Vijay Jainundh, Head of Paragon Debt Advisory
Entrepreneurs, investors, and property owners should act on current opportunities in hospitality. The market is improving and renewed activity by operators in the sector and the willingness of funders to lend, means the timing is right to acquire an asset, build, or finance a development intended for hospitality, because prices are still relatively low. By no means are hotel assets out of the woods as the fight for occupancy continues, competition thrives, and tourists and businesspeople slowly start to trickle in. But there are certainly opportunities, and it’s best not to wait for all the signs of recovery before taking the plunge to invest.
Next year will see higher demand for these assets, driving up their values and prices. The market is not necessarily overflowing with tourists and businesspeople just yet, but the return-to-office model is catching flame and soon will be wildfire, and largely life will return to normal. This will mean more in-person meetings and travelling to see clients. The Global Business Travel Association predicts that the global business travel industry will be worth US$1.7 trillion by the end of 2022.
What are funders looking for in the hospitality sector?
Funders are considering financing of hospitality assets a lot more openly as activity increases, whereas for quite some time, they’ve had a ‘wait and see’ approach. The December holiday period may be the litmus test on just how much better things are since the early days of the pandemic but in the interim, if you can market something new and a property that combines work, entertainment, and leisure, you are likely to gain funding interest.
Funders will look at location and the usual principles such as who the hospitality operator is and what the property would offer but what is most appealing right now, is the opportunity to invest in something fresh, more so than refinancing assets. There is still appetite for leasing and refinancing hotels, but the destination has become increasingly important to the funding outcome.
One example is a property called the Plett Quarter (developed by DCCD Property Developers & Edge Properties), which Paragon Debt Advisory recently secured funding for, of approximately R160 million. This mixed-use development is perfectly positioned for the semigration trend, where many city executives looked to live a quieter life out of the main cities when the pandemic hit. Plettenberg Bay has been one of the towns that has significantly benefited from this trend. The area hasn’t been fully developed for high densification, but it does have a corporate market to cater to.
Plett Quarter will feature mixed-use retail including a restaurant and coffee bar, luxury apartments priced between R4- and R10 million, and a boutique hotel among other world-class features and a lagoon view. There isn’t anything comparable in the local market and the units are selling fast, even with a hefty price tag in today’s economy.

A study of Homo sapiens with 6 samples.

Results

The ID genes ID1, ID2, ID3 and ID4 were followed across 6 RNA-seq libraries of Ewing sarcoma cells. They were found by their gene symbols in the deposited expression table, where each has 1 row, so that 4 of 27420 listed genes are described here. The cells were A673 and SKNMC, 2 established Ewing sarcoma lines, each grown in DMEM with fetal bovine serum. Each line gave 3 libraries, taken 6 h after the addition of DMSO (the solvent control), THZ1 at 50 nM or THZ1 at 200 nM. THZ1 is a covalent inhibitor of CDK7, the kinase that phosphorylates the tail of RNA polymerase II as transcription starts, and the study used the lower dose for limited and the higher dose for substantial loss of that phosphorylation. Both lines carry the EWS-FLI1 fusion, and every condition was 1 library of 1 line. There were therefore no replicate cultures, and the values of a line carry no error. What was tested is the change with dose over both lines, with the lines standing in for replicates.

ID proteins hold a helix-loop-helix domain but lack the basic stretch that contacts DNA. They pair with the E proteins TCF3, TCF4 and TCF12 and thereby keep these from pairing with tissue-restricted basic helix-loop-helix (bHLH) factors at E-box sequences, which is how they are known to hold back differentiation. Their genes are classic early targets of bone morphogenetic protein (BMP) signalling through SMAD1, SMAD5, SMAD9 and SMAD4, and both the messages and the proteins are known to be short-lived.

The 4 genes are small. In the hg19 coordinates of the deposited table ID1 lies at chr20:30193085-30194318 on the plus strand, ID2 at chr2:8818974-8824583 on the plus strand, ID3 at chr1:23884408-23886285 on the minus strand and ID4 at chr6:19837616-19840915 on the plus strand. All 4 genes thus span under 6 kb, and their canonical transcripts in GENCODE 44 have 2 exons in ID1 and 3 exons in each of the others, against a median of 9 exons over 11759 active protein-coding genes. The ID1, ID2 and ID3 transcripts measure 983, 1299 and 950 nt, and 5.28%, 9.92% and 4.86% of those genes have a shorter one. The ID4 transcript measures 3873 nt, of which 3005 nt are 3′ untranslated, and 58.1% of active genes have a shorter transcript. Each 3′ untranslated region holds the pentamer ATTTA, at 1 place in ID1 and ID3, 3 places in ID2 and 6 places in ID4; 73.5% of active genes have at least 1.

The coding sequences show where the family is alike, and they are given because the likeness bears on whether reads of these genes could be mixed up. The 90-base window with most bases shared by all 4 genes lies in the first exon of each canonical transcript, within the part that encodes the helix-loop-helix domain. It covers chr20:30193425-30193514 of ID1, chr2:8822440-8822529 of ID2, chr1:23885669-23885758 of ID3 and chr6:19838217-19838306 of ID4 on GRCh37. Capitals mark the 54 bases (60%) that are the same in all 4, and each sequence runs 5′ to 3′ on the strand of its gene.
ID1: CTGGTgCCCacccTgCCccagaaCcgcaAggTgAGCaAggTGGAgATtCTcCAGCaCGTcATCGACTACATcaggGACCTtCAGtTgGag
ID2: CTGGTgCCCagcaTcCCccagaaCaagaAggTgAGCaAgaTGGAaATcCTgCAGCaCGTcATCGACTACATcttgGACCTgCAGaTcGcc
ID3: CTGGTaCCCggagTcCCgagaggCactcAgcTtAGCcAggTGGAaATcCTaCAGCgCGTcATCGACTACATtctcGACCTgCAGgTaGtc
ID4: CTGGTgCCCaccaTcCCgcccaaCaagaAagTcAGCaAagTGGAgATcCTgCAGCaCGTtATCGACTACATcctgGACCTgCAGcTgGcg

Location really matters in determining the type of development that will attract property owners – and funding attention to bring the physical property to market. Luxury apartments in established regions of Johannesburg or Cape Town to a large extent wouldn’t get the same demand as they would in undeveloped markets like Plettenberg Bay and some regions of the Eastern Cape, or the emerging business market in Mpumalanga, for example. Despite economic woes, there is still an appetite for luxury living and developments like Plett Quarter fall directly into this category. Many people are seeking an alternative lifestyle away from the bustle, even if it’s only for the weekend.
In areas such as Johannesburg, the work-from-home revolution sprung out of the pandemic has meant an emergence of ‘the aparthotel model’ transforming hospitality space into apartments. According to Lew Geffen Sotheby’s International, flexible, and alternative solutions are on trend and ‘Bleisure’ is another commonality, combining holiday and business travel in one. Many families have relocated to coastal towns, but the head of the household still commutes to the city for work.
The current constraints on both local and international travel such as limited flight operators and delays for reasons including lost luggage or insufficient ground staff at airports may be an irritating niggle, but once ironed out, business traveller occupancy will increase, and tourism will follow naturally.
There are alternative lenders who are willing to consider hotel development and hotel acquisition finance with the right deal structure, so the time to act is now.